Here's an example, from internet deep learning celebrity Siraj Raval: https://www.amazon.co.uk/Decentralized-Applications-Harnessi...

(not denying any of the credentials you quoted in your comment though, just responding to that particular point)




(edited w last sentence)

It is proof that she wrote a book.

To present an analogy about Susan Fowler with "if a journalist with no experience..." is to present an analogy that is factually incorrect regarding her experience.

If a person created an open-source project on nights and weekends that received industry-wide acclaim, regardless of day job, he/she would most certainly be getting job offers.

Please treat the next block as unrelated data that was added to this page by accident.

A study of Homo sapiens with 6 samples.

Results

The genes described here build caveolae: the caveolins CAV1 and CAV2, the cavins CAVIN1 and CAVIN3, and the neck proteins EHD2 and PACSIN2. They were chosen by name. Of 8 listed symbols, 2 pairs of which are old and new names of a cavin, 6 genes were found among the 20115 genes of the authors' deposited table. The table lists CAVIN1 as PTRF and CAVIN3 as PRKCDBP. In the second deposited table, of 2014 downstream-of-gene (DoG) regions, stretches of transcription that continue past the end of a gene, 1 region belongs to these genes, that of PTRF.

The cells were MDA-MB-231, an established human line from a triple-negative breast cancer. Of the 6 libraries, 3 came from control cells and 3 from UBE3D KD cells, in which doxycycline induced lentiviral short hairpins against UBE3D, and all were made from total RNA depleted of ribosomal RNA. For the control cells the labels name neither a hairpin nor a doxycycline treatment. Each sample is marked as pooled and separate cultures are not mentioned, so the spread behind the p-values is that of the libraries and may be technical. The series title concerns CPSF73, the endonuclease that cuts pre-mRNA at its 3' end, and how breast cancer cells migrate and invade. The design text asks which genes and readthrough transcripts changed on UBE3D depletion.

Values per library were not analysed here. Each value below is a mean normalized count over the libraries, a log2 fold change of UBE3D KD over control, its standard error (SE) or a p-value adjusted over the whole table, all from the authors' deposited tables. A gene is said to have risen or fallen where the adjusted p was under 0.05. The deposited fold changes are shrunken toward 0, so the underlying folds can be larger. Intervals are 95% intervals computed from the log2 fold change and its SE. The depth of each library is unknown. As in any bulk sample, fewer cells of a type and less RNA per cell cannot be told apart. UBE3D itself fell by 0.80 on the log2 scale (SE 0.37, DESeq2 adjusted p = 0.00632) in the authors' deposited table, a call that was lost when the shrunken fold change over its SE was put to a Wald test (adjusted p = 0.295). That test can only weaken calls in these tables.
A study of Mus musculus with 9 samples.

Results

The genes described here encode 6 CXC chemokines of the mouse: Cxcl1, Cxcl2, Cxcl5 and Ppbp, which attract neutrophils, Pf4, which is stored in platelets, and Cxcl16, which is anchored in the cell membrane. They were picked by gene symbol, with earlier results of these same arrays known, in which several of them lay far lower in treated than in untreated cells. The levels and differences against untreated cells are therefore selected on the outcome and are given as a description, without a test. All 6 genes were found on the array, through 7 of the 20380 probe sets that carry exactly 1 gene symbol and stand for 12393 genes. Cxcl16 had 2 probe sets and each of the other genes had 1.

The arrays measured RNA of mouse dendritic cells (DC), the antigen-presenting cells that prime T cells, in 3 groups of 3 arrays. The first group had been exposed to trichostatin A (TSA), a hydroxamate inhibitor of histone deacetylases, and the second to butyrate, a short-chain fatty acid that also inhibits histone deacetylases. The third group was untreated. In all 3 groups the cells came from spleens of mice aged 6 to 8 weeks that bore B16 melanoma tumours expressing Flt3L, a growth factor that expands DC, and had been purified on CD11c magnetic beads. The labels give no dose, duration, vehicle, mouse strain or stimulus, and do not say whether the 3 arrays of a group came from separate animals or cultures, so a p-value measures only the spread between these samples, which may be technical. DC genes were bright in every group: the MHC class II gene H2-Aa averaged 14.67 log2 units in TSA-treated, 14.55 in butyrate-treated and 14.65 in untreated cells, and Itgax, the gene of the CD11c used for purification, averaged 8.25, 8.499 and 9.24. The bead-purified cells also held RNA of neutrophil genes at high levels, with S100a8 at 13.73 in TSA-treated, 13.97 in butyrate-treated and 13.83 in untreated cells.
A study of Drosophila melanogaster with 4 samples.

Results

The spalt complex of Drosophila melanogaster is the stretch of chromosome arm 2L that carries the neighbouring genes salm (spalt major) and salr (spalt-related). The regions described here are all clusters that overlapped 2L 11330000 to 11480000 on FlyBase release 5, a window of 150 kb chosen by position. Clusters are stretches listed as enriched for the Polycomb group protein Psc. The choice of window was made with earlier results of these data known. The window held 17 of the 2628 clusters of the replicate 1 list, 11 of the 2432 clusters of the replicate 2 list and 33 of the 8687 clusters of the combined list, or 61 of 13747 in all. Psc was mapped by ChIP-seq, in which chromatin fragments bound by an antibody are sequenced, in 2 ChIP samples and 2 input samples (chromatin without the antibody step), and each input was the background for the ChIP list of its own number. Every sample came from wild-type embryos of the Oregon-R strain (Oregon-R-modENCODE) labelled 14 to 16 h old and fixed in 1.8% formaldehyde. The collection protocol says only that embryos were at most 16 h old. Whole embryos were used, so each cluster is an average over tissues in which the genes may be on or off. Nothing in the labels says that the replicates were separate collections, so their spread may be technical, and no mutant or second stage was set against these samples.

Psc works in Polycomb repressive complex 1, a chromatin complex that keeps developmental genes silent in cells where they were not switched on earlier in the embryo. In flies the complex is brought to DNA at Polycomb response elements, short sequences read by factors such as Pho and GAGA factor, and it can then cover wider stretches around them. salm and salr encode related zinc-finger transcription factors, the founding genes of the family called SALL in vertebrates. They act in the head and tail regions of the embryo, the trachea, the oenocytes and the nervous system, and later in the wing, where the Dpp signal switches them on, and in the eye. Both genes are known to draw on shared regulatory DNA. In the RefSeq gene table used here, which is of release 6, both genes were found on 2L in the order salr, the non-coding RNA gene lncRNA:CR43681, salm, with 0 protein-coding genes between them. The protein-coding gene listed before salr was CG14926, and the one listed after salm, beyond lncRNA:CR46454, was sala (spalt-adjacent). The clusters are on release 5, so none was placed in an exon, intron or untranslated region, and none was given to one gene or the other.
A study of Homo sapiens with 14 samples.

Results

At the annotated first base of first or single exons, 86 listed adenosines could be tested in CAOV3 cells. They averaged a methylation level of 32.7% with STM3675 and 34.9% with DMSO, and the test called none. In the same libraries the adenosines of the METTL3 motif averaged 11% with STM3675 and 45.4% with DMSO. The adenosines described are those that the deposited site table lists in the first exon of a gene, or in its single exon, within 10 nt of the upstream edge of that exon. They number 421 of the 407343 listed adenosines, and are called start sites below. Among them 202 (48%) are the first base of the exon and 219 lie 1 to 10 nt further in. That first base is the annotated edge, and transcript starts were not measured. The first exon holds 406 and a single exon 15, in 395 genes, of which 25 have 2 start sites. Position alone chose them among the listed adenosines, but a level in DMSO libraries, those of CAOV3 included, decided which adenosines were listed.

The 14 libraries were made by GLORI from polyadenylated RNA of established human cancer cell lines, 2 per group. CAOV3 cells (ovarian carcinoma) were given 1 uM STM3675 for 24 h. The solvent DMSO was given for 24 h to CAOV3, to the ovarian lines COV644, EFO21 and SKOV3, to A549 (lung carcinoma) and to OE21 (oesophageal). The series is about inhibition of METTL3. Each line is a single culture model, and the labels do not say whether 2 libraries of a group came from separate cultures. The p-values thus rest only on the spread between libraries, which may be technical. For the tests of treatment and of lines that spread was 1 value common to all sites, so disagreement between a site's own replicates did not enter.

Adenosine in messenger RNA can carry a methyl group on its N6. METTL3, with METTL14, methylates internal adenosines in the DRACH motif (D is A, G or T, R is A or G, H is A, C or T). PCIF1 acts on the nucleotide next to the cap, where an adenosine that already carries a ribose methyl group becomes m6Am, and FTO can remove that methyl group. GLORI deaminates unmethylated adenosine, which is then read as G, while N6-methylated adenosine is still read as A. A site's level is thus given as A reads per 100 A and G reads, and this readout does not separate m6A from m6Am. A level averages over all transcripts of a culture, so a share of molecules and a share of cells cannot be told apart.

Writing a book does not make you a journalist. It makes you an author. Not that it's not impressive, but it's not proof of experience as a journalist.

They are different jobs. You can write a book without doing any investigative reporting, but it would be hard for a journalist to do so. Siraj Raval might be a published author, but he still has next to no experience being a journalist.

Here's the link in case anyone is interested:

https://www.amazon.co.uk/Production-Ready-Microservices-Stan...


There are good points to keeping Pulitzers for full time investigative reporters. But I'm not comfortable reserving the word "journalist" for a professional caste. The U.S. Constitution recognizes that written speech is an inalienable right. I think language and culture should as well. That is, a journalist is someone who decides to write about topical things.

So I think writing a topical piece does make you a journalist, though perhaps not one qualified for prestigious awards.